April 29, 2015
Why should you actively work to help your best direct reports find better jobs?
Isn’t your job as a manager to retain your best people? Yes and no.
Here are 6 reasons why you should do everything you can to help your best people leave:
Reason 1 - Helping Your Employees To Leave Is Actually Your Best Retention Strategy:
If your people see you making consistent and active efforts to aid their career development they are more likely to stay with you. Nothing build long-term loyalty faster than a belief that a boss cares about her people. You want your best people to stay in your unit because they want to be their. The job of the manager is increasingly to support those people actually doing the work. This is especially true in higher education, as the work is so complicated and variable that there is no way break it down into precise algorithms, or even to really monitor what is going on. Prioritizing career development, even if that means leaving the organization, will only aid in developing employee internal motivation.
Reason 2 - Your Gain in Loyalty and Trust Will Outweigh the Loss of Losing Your Best People:
When you are willing to do what it takes to help the careers of your direct reports, even if that means helping them move to other jobs at the university or somewhere else, you build trust with everyone in the unit. For every person that leaves, many more will stay. For those who remain, being known as a manager that cares deeply about people’s long-term careers will pay enormous dividends in terms of loyalty and trust. If you are the sort of a manager that cares deeply about the careers of your direct reports you will also reap terrific benefits when it comes to recruitment, as people will want to come work for you.
Reason 3 - Higher Education is a Network:
Higher education is a networked industry. We are interdependent on each other for information, innovation, and leadership. Our most important colleagues will be found both on our own campuses, and at peer institutions. Facilitating the movement of our best people from unit to unit, school to school, and institution to institution, is the best way to strengthen that network. People should flow within and across organizations as easily as ideas. If anything, we don’t have enough circulation of our best people.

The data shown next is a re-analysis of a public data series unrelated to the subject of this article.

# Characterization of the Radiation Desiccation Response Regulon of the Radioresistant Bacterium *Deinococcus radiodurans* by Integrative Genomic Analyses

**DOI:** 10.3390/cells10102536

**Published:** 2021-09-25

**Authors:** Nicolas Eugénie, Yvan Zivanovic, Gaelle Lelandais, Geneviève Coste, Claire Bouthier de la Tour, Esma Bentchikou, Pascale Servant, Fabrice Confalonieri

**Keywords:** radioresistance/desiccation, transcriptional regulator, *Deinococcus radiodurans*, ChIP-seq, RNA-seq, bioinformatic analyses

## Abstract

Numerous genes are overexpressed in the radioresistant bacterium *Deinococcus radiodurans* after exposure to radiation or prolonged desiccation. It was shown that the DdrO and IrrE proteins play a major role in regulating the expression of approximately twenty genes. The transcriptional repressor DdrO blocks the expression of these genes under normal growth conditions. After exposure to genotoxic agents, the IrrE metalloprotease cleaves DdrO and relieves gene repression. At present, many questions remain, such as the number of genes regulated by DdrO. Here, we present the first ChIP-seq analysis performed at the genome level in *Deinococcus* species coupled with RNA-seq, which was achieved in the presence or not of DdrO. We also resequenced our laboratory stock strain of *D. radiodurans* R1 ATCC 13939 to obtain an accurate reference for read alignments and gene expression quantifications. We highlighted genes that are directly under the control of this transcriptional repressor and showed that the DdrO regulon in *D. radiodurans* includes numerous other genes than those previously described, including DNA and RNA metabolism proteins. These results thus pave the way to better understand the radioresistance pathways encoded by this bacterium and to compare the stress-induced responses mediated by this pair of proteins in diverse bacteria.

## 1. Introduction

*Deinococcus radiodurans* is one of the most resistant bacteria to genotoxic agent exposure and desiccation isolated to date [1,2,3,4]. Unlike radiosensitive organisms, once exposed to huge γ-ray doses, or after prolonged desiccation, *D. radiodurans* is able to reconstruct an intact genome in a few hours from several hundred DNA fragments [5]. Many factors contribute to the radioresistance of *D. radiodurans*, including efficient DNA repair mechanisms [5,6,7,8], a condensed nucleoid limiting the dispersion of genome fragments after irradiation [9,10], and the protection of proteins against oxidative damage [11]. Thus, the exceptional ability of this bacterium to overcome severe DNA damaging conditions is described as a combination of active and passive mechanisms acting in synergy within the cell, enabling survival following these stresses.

Reason 4 - Your People Will Spread Your Philosophy:
If you help your best people leave they will take something with them. They will take your philosophy of management and your ideas about leadership. We need to develop a cadre of postsecondary leaders and emerging leaders who determined to change our higher ed business as usual. We operate within a marketplace of ideas, and an essential way to have your ideas spread is to send the people that you have mentored out into the world.
Reason 5 - Your Access to Positive Employment Incentives (Like Bonuses) Is Limited - Career Mentoring Is Not:
How much wiggle room do you have to give performance based incentives to your highest performers? If you are a manager in higher ed, I’m guessing not that much. The reality is that higher ed is operating in an environment of scarcity - a situation that does not look to get any better in our working lifetimes. Nor are upward career paths very well defined amongst non-faculty educators and professionals at most institutions. Often, the only way to move up is if someone else leaves. The best way to balance out your constraints in giving promotions or raises is to help your best people get jobs with better titles and higher pay. If that means helping them get these jobs somewhere else at the university, or at another university, than so be it.
Reason 6 - Your Own Career Is Dependent on Your Higher Ed Network:
Our higher education world is amazingly small. The further up your career you go the smaller that world becomes. The person that you help get a great gig today will be the person that helps you tomorrow. You may work with the same people at a totally different organization. You will find yourself collaborating with the people who used to work for you in ways that you can’t imagine today. If we think of our direct reports as professional colleagues we change our frame of reference. Success in higher education increasingly means developing a good reputation amongst our peers and colleagues. When it comes to careers, the good news is that helping others is the best way to help yourself.
What is the culture around helping employees find great opportunities at your institution?
Do you feel that your boss will help you find a better job, even if that better job is somewhere else?